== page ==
Everyone’s talking about Nvidia Corp’s (Quote, Chart NASDAQ:NVDA) new graphics processing unit, the GeForce RTX 2000 Series GPU.

This includes portfolio manager Kim Bolton of Black Swan Dexteritas, who says that the new gaming tech handily makes up for Nvidia’s losses on the cryptocurrency side.

Semiconductor company Nvidia unveiled its new GeForce RTX 2080 Ti series last week, which is expected to be industry-leading in the lucrative gaming sector. “Computer graphics will never be the same again,” said CEO Jensen Huang at the annual Gamescom conference in Germany.

Writing for Forbes, Anshel Sag of Moor Insights & Strategy concurs, saying that with the spread of augmented and virtual reality as well as the rest of the XR spectrum, there comes more capacity for more complex and high-resolution displays and 3D models, making Nvidia’s next-generation card the new consumer standard.

“NVIDIA’s RTX series is perhaps ahead of its time, but that hasn’t stopped NVIDIA in the past,” says Sag. “Just look at technologies like CUDA and the GPU which fundamentally changed high-performance computing. I believe that NVIDIA’s inclusion of RT Cores and Tensor Cores has the potential to be equally transformative.”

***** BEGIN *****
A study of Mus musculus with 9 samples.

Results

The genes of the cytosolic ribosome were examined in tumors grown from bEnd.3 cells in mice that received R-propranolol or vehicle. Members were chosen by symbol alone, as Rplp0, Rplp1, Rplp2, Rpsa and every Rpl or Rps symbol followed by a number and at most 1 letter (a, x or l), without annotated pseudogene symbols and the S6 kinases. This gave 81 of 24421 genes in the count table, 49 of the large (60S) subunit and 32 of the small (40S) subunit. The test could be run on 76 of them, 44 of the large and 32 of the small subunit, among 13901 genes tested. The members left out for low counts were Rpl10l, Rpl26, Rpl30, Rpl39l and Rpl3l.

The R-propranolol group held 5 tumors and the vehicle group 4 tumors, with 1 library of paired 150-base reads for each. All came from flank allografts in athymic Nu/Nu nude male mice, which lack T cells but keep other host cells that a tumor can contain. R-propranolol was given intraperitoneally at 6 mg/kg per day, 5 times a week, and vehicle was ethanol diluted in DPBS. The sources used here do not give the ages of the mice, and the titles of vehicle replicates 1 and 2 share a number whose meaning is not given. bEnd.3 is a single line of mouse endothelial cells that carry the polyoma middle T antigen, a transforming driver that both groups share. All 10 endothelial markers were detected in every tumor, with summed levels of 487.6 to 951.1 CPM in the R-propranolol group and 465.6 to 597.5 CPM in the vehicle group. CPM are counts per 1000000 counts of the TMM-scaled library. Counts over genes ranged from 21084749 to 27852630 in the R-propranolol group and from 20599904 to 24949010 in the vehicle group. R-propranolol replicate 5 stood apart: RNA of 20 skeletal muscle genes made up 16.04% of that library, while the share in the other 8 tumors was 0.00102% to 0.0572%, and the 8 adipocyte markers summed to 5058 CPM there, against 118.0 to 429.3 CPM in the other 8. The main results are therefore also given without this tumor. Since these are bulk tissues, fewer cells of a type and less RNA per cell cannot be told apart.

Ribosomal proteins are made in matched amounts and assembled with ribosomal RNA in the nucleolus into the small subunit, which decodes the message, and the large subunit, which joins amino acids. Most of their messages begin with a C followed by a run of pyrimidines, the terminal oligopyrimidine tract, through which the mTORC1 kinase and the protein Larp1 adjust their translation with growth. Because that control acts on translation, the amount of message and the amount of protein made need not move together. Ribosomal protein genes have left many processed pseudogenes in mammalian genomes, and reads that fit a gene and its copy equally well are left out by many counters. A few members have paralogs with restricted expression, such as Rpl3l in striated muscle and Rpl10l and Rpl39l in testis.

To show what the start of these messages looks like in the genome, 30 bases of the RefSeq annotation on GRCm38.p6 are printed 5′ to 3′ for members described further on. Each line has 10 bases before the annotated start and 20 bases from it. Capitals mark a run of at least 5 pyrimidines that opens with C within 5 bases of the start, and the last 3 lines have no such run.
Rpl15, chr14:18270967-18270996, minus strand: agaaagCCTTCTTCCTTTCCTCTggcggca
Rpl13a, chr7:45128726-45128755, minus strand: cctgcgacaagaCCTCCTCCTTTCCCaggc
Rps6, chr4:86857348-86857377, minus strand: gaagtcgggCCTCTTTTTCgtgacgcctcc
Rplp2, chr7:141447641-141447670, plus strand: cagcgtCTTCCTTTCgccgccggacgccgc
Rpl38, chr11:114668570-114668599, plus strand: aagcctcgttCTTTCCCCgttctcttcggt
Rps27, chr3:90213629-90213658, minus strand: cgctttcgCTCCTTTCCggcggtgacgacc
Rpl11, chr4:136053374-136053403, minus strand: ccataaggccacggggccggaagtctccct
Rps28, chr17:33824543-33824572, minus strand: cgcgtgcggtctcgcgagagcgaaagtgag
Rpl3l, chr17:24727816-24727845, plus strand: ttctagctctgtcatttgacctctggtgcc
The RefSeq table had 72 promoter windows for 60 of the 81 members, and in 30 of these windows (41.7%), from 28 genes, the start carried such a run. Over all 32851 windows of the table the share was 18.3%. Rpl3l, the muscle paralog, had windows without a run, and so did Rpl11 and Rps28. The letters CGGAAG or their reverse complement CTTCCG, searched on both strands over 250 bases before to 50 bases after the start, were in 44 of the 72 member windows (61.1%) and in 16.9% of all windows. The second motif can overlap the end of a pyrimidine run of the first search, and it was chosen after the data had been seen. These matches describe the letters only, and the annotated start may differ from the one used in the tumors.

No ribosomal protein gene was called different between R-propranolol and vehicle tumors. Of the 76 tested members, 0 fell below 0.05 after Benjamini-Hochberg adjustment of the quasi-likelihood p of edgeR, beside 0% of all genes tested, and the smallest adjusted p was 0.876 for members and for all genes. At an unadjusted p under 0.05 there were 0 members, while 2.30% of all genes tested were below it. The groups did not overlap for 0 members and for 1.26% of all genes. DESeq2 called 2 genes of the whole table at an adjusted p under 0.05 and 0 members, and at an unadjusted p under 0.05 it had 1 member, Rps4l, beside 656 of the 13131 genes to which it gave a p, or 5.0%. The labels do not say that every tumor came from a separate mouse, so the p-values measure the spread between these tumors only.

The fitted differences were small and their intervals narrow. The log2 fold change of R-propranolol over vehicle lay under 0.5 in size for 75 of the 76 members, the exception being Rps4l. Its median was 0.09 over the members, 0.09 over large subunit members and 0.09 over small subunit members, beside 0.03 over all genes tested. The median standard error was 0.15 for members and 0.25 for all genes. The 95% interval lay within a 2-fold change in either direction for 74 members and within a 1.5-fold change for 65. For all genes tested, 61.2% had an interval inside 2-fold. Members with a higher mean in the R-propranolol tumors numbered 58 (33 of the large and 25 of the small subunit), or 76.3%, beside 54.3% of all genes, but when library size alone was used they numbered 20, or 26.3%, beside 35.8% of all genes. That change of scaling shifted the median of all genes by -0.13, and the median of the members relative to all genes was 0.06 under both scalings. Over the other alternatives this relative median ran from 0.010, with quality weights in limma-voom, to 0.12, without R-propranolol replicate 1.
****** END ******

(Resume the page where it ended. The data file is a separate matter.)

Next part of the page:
The news comes as Nvidia’s share price has rebounded well over the past week from a mid-August earnings report which saw investors drop the stock due to falling revenue in its sales of graphics chips to cryptocurrency miners.

And while the languishing price for cryptos like bitcoin and ether have put a chill on miners’ expansion plans, the future looks bright for Nvidia, nonetheless, says Bolton.

“There’s a lot of volatility around this,” says Bolton, in conversation with BNN Bloomberg. “When they announced their earnings recently, [the stock] traded down considerably to the low $250s, and the main reason for that is that their cryptocurrency business went from a year ago $250 million in revenue and they reported this year $18 million.” (All figures in US dollars.)

“And so everyone thought that the air was coming out of it, however, that is being picked up by the gaming side,” he says. “And then they recently came out with this GE Force and there are three versions to it that actually have this new technology that makes it more realistic, has better latency for their GPUs, and that’s precisely why it has lifted from that $255 up to $276.”

Earlier this month, Wells Fargo Securities made news by raising its rating two slots for Nvidia, from underperform to outperform, while raising its price target from S140 to $315, all on the strength of the company’s artificial intelligence and cloud computing segments.


Jayson MacLean
Jayson is a writer, researcher and educator with a PhD in political philosophy from the University of Ottawa. His interests range from bioethics and innovations in the health sciences to governance, social justice and the history of ideas.